By: Norman Behar on August 25th, 2017


Sales Management

Although the sales pipeline and sales forecast are closely related, they're not the same. In this Q&A, we explain the difference and best practices you can use to make the most of each.



That’s a great question. The two are very related.

Pipeline management is a way to manage sales opportunity, and it serves two purposes. Both are related to the sales forecast.

The first purpose is to make sure that the pipeline is accurate and only includes active opportunities.

Unfortunately, salespeople are better at entering opportunities into a CRM than managing them. Then over time, you end up with all these opportunities that lead to a bloated pipeline. But there are three steps sales managers can take to ensure that the pipeline only includes active opportunities.

The first step is to develop objective criteria for each stage of the pipeline. The pipeline has different stages, and it's often called a sales funnel. At the top, you might have opportunity identification, and there may be lots of opportunities with a low probability. Down by the body, we may have an agreement, and the final stage being closed-won or closed-lost.

To make sure that you have objective criteria for each stage of the pipeline, all your sales people need to adhere to the same criteria. Otherwise, you're not going to have a very accurate forecast.

You're also going to want to have clear rules on when an opportunity advances. Customer actions should be the basis for an opportunity advancing from one stage to the next.

The second thing is to assign reasonable probabilities to each stage. Each stage, as you work down the funnel, should have a higher probability associated with it.

You should determine those probabilities by reverse engineering deals that you've won. Ask "Okay, what would be the probability based on those prior stages?"

To recap, the first thing we're going to do is to have objective criteria for each stage. Then we're going to assign reasonable probabilities for each stage.

The third factor is really important. You must track velocity to make sure there are only active opportunities in your pipeline. This gets to the idea of doormat opportunities.

When you track velocity, let's say, of a six-month sale cycle, a reasonable time and stage may be up to 60 days. But if you look at most pipelines, many opportunities are stalled out. To base your forecast only on active opportunities, remove these, or classify them as inactive.

The second area, it's associated with pipeline management and how it relates to the forecast.

When we have an accurate sales pipeline, we can create an accurate forecast. But it's also the manager's role to help salespeople advance those opportunities, because the more we can advance our opportunities, the more business we're going to close. That's the whole goal of pipeline management.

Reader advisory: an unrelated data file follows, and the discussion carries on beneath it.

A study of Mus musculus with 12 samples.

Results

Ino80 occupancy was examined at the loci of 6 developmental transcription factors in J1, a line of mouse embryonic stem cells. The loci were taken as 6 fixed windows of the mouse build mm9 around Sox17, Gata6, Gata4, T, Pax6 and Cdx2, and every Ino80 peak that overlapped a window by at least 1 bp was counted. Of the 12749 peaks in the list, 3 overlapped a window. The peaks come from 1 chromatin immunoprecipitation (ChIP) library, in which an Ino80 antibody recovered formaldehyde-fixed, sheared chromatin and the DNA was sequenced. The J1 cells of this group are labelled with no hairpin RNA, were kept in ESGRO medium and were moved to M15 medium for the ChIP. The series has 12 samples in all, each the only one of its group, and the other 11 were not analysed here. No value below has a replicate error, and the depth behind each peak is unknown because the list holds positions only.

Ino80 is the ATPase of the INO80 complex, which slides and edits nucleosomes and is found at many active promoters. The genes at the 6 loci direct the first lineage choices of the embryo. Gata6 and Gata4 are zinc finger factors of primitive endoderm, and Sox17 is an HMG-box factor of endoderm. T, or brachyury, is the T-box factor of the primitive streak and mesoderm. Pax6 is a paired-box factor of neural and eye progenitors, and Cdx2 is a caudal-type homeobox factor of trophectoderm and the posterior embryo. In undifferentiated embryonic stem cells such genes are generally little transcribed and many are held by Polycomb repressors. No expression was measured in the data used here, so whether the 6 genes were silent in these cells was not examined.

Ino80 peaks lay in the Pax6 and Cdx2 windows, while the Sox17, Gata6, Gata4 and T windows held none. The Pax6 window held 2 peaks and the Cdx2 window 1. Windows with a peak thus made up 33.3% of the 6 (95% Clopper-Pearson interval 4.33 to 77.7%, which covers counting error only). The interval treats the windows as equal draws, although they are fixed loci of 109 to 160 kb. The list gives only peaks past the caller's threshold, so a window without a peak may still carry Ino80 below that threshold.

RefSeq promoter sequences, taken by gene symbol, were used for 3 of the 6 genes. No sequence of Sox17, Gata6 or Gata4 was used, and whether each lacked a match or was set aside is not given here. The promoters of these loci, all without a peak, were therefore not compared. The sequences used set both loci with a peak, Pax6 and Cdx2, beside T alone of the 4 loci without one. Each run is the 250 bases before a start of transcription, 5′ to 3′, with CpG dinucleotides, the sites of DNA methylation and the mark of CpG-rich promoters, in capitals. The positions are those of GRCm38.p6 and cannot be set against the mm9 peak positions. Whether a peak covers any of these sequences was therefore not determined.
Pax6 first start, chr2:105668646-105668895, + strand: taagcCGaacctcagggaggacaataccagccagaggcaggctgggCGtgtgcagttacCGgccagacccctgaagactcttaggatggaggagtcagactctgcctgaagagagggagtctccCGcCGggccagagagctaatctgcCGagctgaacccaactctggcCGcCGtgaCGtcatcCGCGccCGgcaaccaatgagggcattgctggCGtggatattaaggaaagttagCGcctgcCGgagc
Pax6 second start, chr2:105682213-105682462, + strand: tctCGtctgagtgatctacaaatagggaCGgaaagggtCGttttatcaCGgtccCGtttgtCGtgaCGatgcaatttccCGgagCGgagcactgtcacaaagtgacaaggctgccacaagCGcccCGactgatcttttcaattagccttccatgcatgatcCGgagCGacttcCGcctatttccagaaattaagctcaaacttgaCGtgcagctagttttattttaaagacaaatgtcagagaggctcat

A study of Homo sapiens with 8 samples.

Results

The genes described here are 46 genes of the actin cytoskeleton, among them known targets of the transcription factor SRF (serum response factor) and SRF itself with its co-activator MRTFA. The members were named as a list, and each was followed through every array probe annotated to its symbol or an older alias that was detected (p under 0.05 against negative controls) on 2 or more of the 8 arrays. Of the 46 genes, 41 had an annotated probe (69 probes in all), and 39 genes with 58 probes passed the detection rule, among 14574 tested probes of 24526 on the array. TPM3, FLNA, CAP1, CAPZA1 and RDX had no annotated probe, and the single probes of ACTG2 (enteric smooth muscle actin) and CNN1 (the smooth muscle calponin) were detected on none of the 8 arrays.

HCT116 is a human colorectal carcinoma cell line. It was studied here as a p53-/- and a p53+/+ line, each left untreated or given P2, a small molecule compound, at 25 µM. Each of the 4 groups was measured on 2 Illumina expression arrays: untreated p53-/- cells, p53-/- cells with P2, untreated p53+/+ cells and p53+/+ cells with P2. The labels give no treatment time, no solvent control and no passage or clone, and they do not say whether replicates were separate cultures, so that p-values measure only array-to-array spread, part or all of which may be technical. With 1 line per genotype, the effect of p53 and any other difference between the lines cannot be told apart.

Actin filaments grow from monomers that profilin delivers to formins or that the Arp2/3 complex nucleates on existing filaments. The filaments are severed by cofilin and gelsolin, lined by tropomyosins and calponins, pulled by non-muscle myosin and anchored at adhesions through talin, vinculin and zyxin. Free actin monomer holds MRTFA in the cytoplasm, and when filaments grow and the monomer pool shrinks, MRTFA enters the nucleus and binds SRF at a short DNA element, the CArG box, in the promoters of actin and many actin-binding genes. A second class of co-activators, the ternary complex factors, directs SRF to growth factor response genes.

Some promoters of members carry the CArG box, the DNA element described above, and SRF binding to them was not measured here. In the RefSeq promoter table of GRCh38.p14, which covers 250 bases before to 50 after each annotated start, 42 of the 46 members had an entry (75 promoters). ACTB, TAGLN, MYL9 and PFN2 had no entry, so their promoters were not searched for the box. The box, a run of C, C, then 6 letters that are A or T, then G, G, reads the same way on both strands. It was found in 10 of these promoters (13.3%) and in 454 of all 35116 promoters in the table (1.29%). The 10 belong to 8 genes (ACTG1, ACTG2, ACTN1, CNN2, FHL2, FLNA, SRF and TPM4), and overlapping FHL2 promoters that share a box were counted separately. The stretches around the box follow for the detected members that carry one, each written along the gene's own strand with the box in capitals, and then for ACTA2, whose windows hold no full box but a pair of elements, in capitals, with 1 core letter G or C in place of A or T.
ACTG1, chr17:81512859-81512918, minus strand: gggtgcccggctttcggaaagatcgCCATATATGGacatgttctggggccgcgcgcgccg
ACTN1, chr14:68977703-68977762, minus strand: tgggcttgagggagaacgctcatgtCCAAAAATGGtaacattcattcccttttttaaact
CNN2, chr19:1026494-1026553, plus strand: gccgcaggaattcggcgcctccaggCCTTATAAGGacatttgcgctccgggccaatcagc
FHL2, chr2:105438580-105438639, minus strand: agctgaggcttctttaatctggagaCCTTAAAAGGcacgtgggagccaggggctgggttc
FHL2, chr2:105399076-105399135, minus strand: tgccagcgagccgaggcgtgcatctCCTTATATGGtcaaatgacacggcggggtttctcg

We also want to help our sales people better qualify each opportunity. There are five questions you can ask about each opportunity to facilitate coaching.

The first is, what’s the customer's business need? That may seem like a basic question, but the answer depends on asking the customers questions. We need to make sure we understand what problem they're trying to solve.

Unfortunately, many salespeople will give us somewhat of a circular response, "Oh, they're looking for a solution like ours." That's not good enough. Why are they looking for a solution from us?

Then we get to the second question, what's the unique value we bring? In other words, based on what their needs are, what’s unique about our solutions that are creating value for them?

The third question is, who are the decision makers and what's our relationship with them?

Are we selling too low within the organization? Is there someone above the people we're talking to? Who's really going to make that decision?

How will the competition try to beat us? So do we know who the competitors are? What their strengths are? What their weaknesses are?

Ultimately, why will we win?

By asking these five questions, we can determine if each opportunity is in fact at the right stage. Then we can help our salespeople think through the steps we need to take to keep the opportunity moving forward.

In conclusion, there are two aspects of pipeline management. What I call the science and art of pipeline management; and both are related to producing an accurate sales forecast.

SRG Insights is a new Q&A video series where we answer your questions on the topics of sales, sales management, sales coaching, and sales training. Featuring sales experts with over 25 years of sales and sales management experience. 


Norman Behar is Chairman and Managing Director of the Sales Readiness Group (SRG). He has over 25 years of senior sales management experience, and is recognized as a thought leader in the sales training industry. His blog posts and whitepapers are frequently featured in leading sales enablement publications including ATD,, and Selling Power.